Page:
Emotion regulation in children (by Helen)
Emotion regulation is more than just calming down. It involves recognising a feeling or emotion, understanding how the emotion feels in your body, naming the emotion, and doing something that helps you work through that emotion rather than acting it out by screaming, hitting, breaking things and so on.
Sounds like a lot!
Adults often expect children to be able to regulate their emotions automatically, but children have not developed the mental skill to be able to do this. They need help from their caregivers to learn how to do it.
How can adults help children regulate emotions?
· Let them know that no feelings are ‘wrong’. Validate your child’s emotion by saying ‘I can see that you’re angry/sad/disappointed/frustrated. Is there anything I can do to help right now?’.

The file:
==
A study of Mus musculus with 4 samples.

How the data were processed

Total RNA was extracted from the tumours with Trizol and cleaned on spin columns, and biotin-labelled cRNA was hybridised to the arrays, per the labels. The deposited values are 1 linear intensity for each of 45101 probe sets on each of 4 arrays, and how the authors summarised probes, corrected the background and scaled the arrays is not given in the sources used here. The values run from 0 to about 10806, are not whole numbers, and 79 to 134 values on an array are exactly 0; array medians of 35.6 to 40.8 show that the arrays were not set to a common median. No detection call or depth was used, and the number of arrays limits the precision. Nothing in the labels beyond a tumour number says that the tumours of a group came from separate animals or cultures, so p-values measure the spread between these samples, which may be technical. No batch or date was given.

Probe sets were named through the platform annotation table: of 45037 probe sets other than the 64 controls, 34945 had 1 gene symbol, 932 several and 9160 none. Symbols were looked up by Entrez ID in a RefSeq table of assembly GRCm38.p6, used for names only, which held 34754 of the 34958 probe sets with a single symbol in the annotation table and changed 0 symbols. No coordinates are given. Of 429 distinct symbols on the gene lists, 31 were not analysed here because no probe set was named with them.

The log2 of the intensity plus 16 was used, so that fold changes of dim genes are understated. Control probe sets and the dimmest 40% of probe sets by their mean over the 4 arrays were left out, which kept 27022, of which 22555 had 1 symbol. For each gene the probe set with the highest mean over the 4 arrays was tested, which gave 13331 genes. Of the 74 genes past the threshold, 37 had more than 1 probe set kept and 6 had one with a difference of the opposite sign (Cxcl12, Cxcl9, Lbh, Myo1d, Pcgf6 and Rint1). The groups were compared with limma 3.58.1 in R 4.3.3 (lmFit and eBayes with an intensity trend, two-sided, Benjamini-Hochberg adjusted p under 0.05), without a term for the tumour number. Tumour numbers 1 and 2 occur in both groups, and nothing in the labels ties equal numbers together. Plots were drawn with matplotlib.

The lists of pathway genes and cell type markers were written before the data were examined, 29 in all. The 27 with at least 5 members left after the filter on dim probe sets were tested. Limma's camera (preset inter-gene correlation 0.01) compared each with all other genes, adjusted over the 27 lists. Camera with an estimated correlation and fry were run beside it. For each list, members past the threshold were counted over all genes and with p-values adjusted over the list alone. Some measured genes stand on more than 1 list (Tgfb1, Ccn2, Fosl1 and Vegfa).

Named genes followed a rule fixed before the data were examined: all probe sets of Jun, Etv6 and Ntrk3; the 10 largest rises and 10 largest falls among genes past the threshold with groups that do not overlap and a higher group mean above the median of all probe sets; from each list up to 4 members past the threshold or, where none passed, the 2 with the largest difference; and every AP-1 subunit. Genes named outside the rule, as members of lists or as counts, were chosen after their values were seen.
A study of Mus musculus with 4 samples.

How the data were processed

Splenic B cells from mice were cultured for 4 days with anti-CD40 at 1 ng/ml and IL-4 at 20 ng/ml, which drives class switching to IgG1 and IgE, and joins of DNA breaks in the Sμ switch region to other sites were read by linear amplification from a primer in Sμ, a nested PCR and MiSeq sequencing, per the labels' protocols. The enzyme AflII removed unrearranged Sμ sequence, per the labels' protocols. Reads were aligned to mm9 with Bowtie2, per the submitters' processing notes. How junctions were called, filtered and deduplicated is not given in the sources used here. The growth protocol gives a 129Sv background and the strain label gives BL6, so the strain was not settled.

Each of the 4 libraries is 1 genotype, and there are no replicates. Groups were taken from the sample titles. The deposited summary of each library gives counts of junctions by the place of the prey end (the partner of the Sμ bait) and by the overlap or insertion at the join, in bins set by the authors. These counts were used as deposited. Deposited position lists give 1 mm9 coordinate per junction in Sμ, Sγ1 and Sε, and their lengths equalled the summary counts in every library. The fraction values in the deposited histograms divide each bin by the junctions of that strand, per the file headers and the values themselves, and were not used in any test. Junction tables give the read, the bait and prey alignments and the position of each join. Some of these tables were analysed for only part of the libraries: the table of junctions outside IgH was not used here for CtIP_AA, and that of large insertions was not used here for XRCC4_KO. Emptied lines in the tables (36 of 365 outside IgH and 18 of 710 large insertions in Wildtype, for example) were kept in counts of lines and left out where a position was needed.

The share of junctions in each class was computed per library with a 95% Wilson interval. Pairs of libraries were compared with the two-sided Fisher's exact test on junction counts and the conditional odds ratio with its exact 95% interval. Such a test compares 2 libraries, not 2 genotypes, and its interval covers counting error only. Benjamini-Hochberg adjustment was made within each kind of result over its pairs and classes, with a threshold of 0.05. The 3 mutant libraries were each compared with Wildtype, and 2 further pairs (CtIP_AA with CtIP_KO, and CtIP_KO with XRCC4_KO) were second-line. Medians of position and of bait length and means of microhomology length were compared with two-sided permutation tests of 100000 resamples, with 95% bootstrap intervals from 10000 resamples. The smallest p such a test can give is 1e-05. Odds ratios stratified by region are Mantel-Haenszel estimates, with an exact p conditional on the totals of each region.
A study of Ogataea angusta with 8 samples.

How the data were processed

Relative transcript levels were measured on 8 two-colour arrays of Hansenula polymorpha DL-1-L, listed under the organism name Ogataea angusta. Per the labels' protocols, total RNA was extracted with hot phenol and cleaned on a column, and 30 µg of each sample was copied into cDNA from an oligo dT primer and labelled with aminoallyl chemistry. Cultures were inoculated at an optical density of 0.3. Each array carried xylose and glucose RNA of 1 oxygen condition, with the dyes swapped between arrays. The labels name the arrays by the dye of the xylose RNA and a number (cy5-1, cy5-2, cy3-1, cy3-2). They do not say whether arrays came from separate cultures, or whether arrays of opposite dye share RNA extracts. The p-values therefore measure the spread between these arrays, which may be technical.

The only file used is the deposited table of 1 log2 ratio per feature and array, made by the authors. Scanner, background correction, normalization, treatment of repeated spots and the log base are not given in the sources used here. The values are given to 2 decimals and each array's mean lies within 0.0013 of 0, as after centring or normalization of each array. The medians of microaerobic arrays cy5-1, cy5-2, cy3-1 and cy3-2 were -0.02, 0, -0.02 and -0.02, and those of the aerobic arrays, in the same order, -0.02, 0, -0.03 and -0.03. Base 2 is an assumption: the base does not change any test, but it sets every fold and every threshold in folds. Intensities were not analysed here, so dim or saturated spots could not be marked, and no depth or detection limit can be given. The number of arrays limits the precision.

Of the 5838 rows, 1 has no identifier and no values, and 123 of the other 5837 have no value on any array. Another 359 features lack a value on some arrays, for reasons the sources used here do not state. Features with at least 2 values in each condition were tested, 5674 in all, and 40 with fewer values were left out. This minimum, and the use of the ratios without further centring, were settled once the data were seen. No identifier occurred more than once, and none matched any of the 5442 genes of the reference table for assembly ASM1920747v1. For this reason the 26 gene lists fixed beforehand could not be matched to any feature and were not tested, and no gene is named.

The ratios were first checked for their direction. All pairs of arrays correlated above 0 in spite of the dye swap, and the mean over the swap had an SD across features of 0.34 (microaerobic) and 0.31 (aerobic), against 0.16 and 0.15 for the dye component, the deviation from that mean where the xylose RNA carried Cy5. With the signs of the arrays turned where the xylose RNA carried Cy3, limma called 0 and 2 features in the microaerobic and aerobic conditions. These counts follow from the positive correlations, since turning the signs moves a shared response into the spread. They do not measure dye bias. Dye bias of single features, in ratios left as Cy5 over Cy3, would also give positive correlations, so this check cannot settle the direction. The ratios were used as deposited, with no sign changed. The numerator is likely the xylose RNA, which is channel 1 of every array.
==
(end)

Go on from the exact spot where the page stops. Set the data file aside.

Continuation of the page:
· Don’t attempt teaching opportunities when your child is very emotional as their brain isn’t in a state to hear you.
· Stay calm and ‘ride the wave’ – your role-modelling will show your child that it is safe for them to show their emotions.
· When your child has calmed down, talk them through what they were feeling and help them find the naming words. Ask them where they felt it in their body. Let them know it’s OK to feel the big emotion, but it’s not ok to have the big behaviour. Problem-solve alternatives with them to start building a toolkit of strategies that they will, over time, be able to use more independently.
Here at the Perinatal Child and Family Hub we have psychologists to help support you and your child with emotion regulation.